This is a true story from my memoirs

My admittance to the old mental asylum wasn’t with fanfare, I was sort of sneaked in during the night. No white truck or men in white lab coats – just me the psychiatrist and my wife. He led the way in his car and Daisy drove us close behind. There was a huge oak door that opened on to the ward. When the nurse opened it the squeaking was funny. We could have been in an Edgar Allen Poe story. I kept waiting for Vincent Price to come jumping out at any minute. We walked down a long half lit corridor lined with oak rails and linoleum floors with a black and white checkerboard pattern. We came to a pair of substantial glazed double doors with dirty nylon net curtains hanging limply as if they had been drugged. She led me into the day room, which of course was never used at night. She sat me in a high backed chair. My bottom sank and my knees rose up, it was going to be tough to get out of that chair.

There was a short hushed discussion behind the wire glass window with the blazing fluorescent lights. Daisy came out and came over to say goodnight. We kissed and as she turned and walked away my eyes became loose in their sockets, like they were swimming in a bowl of jelly - slippery. I never felt so alone. The tears began to flow like the water over Victoria Falls. They ran down into my nose and my mouth – I could taste the salt. My body became weak and my joints were sore. It was hard to get my breath. The room was blacker than before and the light from the nurses’ room shot out like a stab of lightning. As I sat there for those few agonizing minutes, I knew total despair. Despair was a word I had often used in the past, but somehow light heartedly. I would never look on despair that way again.

A male nurse was brought down from the upstairs men’s ward. He escorted me up the grand sandstone and marble staircase and along the corridor. The leaded metal windows in their granite casements looked Victorian. The floor was terrazzo with the walls painted a light green. There were a long row of industrial light fixtures that hung like sentinels in the half light. The place had probably been gas lit originally, because all the electrical wiring was surface mounted in metal conduit. The water pipes were also surface mounted feeding the sprinkler heads. The paint was starting to crack and peel and the fourteen foot high ceilings were dark with large old dry brown water leak stains running down the walls. The whole place was dank – smelled of disinfectant or bleach.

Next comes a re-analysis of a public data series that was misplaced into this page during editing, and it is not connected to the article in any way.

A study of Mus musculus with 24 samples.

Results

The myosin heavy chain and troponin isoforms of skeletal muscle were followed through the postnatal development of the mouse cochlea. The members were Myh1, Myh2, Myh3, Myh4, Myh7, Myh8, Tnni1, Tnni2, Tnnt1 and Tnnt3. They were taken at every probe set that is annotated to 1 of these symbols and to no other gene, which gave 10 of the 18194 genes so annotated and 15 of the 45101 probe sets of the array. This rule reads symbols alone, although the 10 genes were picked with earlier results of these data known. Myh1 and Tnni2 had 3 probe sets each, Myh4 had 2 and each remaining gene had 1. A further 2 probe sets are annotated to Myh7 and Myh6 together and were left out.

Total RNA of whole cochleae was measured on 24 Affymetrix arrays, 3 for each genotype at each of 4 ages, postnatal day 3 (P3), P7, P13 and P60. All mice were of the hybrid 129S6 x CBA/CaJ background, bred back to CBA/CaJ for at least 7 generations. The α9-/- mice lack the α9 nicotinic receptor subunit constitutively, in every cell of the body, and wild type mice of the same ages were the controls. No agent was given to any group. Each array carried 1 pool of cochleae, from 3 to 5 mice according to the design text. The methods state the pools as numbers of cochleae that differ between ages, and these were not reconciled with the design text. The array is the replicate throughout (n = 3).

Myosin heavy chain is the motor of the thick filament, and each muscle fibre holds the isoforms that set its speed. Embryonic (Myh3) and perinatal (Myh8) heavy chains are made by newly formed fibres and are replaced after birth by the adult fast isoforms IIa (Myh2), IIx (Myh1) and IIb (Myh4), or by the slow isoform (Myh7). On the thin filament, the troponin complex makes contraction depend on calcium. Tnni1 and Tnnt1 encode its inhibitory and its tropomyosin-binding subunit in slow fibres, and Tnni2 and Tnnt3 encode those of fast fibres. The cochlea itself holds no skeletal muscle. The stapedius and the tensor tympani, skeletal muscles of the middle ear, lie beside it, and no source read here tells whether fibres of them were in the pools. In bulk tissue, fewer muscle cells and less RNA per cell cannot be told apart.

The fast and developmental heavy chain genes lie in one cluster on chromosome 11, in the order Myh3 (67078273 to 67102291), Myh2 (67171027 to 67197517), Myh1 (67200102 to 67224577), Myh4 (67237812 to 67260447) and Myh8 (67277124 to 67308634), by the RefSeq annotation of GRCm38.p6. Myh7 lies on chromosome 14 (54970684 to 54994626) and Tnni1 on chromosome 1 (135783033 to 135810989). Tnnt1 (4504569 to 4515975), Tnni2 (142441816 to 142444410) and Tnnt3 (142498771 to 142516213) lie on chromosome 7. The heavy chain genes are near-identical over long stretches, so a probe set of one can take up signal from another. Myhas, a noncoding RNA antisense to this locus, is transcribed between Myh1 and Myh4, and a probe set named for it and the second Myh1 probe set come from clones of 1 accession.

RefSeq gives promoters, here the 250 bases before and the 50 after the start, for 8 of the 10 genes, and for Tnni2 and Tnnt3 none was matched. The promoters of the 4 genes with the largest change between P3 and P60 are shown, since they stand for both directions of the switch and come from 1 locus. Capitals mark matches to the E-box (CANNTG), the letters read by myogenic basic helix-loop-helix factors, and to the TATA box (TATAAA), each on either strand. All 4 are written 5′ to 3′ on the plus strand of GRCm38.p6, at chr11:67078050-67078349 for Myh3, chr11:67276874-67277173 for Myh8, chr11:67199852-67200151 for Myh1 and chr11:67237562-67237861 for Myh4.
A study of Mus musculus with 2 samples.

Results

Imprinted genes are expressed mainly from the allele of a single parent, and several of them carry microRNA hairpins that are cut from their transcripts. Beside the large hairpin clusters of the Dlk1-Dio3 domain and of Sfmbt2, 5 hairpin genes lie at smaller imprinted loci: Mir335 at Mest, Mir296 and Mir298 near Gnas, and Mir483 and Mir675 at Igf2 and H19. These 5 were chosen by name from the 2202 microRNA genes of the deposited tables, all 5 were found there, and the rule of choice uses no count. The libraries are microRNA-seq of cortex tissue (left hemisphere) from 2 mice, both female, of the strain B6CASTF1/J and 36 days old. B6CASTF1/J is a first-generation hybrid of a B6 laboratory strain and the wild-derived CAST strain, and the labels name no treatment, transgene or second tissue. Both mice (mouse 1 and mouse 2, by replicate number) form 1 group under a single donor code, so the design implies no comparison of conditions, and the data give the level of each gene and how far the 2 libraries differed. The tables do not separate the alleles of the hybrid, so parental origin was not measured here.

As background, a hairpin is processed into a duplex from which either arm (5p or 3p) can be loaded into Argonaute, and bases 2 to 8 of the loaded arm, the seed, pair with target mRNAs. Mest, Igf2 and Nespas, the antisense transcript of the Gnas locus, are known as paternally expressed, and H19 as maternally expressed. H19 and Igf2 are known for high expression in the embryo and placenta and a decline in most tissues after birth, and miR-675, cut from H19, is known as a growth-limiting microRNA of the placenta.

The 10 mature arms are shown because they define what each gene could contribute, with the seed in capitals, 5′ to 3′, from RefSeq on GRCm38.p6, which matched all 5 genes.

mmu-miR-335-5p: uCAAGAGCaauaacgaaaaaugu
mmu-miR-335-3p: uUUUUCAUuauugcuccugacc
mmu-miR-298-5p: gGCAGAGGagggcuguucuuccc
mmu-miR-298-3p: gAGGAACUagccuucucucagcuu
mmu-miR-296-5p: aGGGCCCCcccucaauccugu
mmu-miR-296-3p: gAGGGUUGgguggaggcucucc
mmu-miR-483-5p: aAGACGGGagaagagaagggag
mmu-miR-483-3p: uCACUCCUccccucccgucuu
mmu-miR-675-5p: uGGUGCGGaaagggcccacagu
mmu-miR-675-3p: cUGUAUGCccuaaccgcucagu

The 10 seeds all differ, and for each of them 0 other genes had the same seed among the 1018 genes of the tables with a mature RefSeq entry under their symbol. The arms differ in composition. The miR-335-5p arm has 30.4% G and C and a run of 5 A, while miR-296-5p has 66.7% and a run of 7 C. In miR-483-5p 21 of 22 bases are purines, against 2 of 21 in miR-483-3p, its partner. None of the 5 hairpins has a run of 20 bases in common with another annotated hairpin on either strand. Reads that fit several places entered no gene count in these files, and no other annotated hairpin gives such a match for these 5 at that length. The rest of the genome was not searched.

The nurse showed me into a long room. There were twenty metal beds on each side in dormitory fashion. All of the thin grey stripped tick mattresses were rolled up and tied with string. We walked to the end of the room. He untied the mattress string on bed number twenty and began making it with sheets and a blanket. I looked out the window onto the court yard below. There was a magnificent tree, maybe a Mulberry. It looked very sculptural with its’ leaves now gone. Solid stone benches surrounded the tree in silent guard posts. The wind whipped up the leaves into a sort of frenzied opera with the tree limbs conducting. Rain began to fall adding to the drama of the piece. Moonlight came and went like stage lights, but there were no actors. Maybe it was a symphony instead.

The nurse pointed to the bed and I asked,

‘Is this were I am going to stay?’

‘Yes sir, for tonight I think - this is the overflow for the mens’ ward.’

I asked him his name and he said to just call him nurse. I thought to myself, what a perfect name for a nurse. He helped me get undressed and gave me a pair of flannel pyjamas. I put them on and he asked if I needed the toilet. I did, but my fear was he would want to help me. I might be mental, but I wasn’t an invalid. He left the room and returned a few seconds later with a porcelain coated bed pan with Forget-me-nots around the edge. He placed what looked like a blue stripped French washing up towel over it and said,

‘I’ll be in the next room. You can see me through the glass window.’

He pointed to the end wall – another wire glass window ominously separated the two rooms.

‘If you need anything just knock on the window.’

I felt like I should give him a tip, but I didn’t have any money. He turned off the light as he left the room. I sat on the bed and heard the large skeleton key turn the massive lock in the door. This was no hotel on the storm washed coast of Brittany.

Rain lashed at the windows and lightning lit up the room until the wee hours of the morning. As the thunder rolled across the countryside I sat with my head in my hands. It felt safe to be inside this monolith of a building while the storms bashed the walls. My fear was internal – had I lost my mind – was I insane. It didn’t feel that way – still, there is no escaping the fear. The psychiatrist hadn’t said ten words to me in our lounge and he decided that I needed to be locked away. No diagnosis and no discussion – that is power over your fellow man. I knew he had done the right thing. By the time the first shards of dawn entered the room I was awake. There could be no telling what was going to happen to me. All I knew was - this was not the end. Anyone who thought that I was just going to roll over – didn’t know Max Moran.